Since 2018, in partnership with multiple other state agencies, the New Jersey Early Learning Commission has hosted the New Jersey Enterprise Analysis System for Early Learning (NJ-EASEL), the state’s early childhood integrated data systemAn early childhood integrated data system (ECIDS) “collects, integrates, maintains, stores, and reports information from early childhood programs across multiple agencies.”
Source: Institute of Education Sciences. (n.d.).. Functioning as both a warehouse and a series of data-sharing agreements, the system shares demographic, program, workforce, and individual level data on early childhood programs and the children and families they serve. NJ-EASEL integrates data internally across multiple departments (e.g., Department of Education, Department of Children and Families, Department of Human Services, and Department of Health). The system does not yet have a public arm, but it supports the statewide longitudinal data system, NJEEDS.
NJ-EASEL was built after Governor Chris Christie’s Executive Order No. 77 in 2011 established the Early Learning Commission. The system was launched in 2018 and has been funded by federal grants including Race to the Top–Early Learning Challenge (RTT-ELC) grant and Preschool Development Grant Birth Through 5 (PDG B-5).
New Jersey Education to Earnings Data System . (2021). 2021 Year in Review.
LiBetti, A. & Fu, R. (2022). A State Scan of Early Learning Assessments and Data Systems. New America
Early Childhood Policy Matters. (2022). Advancing Early Childhood Integrated Data in New Jersey – Early Childhood Policy Matters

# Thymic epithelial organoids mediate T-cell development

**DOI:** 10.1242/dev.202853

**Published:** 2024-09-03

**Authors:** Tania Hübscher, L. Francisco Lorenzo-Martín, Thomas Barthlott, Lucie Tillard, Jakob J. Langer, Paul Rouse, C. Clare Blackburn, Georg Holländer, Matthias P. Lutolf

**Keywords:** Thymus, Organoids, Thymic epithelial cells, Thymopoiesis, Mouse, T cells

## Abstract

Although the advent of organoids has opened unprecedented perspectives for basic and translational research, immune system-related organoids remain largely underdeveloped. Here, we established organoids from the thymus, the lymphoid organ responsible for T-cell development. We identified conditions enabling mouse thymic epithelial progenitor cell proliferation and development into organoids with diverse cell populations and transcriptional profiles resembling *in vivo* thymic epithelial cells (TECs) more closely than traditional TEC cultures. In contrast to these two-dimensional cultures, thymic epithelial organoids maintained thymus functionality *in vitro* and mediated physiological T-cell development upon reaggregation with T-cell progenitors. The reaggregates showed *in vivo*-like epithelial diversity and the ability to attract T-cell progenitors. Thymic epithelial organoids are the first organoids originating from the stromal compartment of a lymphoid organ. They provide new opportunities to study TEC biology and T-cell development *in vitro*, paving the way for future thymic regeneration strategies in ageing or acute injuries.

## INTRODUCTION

Connections to Key Early Learning Study at Harvard (ELS@H) Findings:
Learn More about ELS@H Findings
Strong infrastructure and systems – including governance structures and data systems – are key aspects of high-quality early education and care. And research suggests there is a need for more accessible, affordable, and high-quality early education within a mixed-delivery system; strengthening infrastructure and systems is one important way states and cities can take action to address these needs and accomplish these goals.
Findings from the Early Learning Study at Harvard (ELS@H) that connect to the need for more robust infrastructure and systems, including data systems:
- Families rely on a range of formal (e.g., Head Start, center-based care, public pre-K) and more informal (e.g., home-based, relative care) early education settings; when choosing a setting for their child, families balance many logistical constraints and personal preferences.
- But for many families – and especially low- and middle-income families – early education choices remain tightly constrained due to issues of affordability and supply.
- No one early education setting type is inherently of higher quality than another; children develop and learn well in every setting type, and in the study, all setting types showed room to grow in quality.
- We have learned a great deal from this groundbreaking, large-scale study. Nevertheless, there is still much to learn about what children, families, and educators need, and about what “works” – for whom and under what circumstances – across all the diverse settings where young children learn and grow.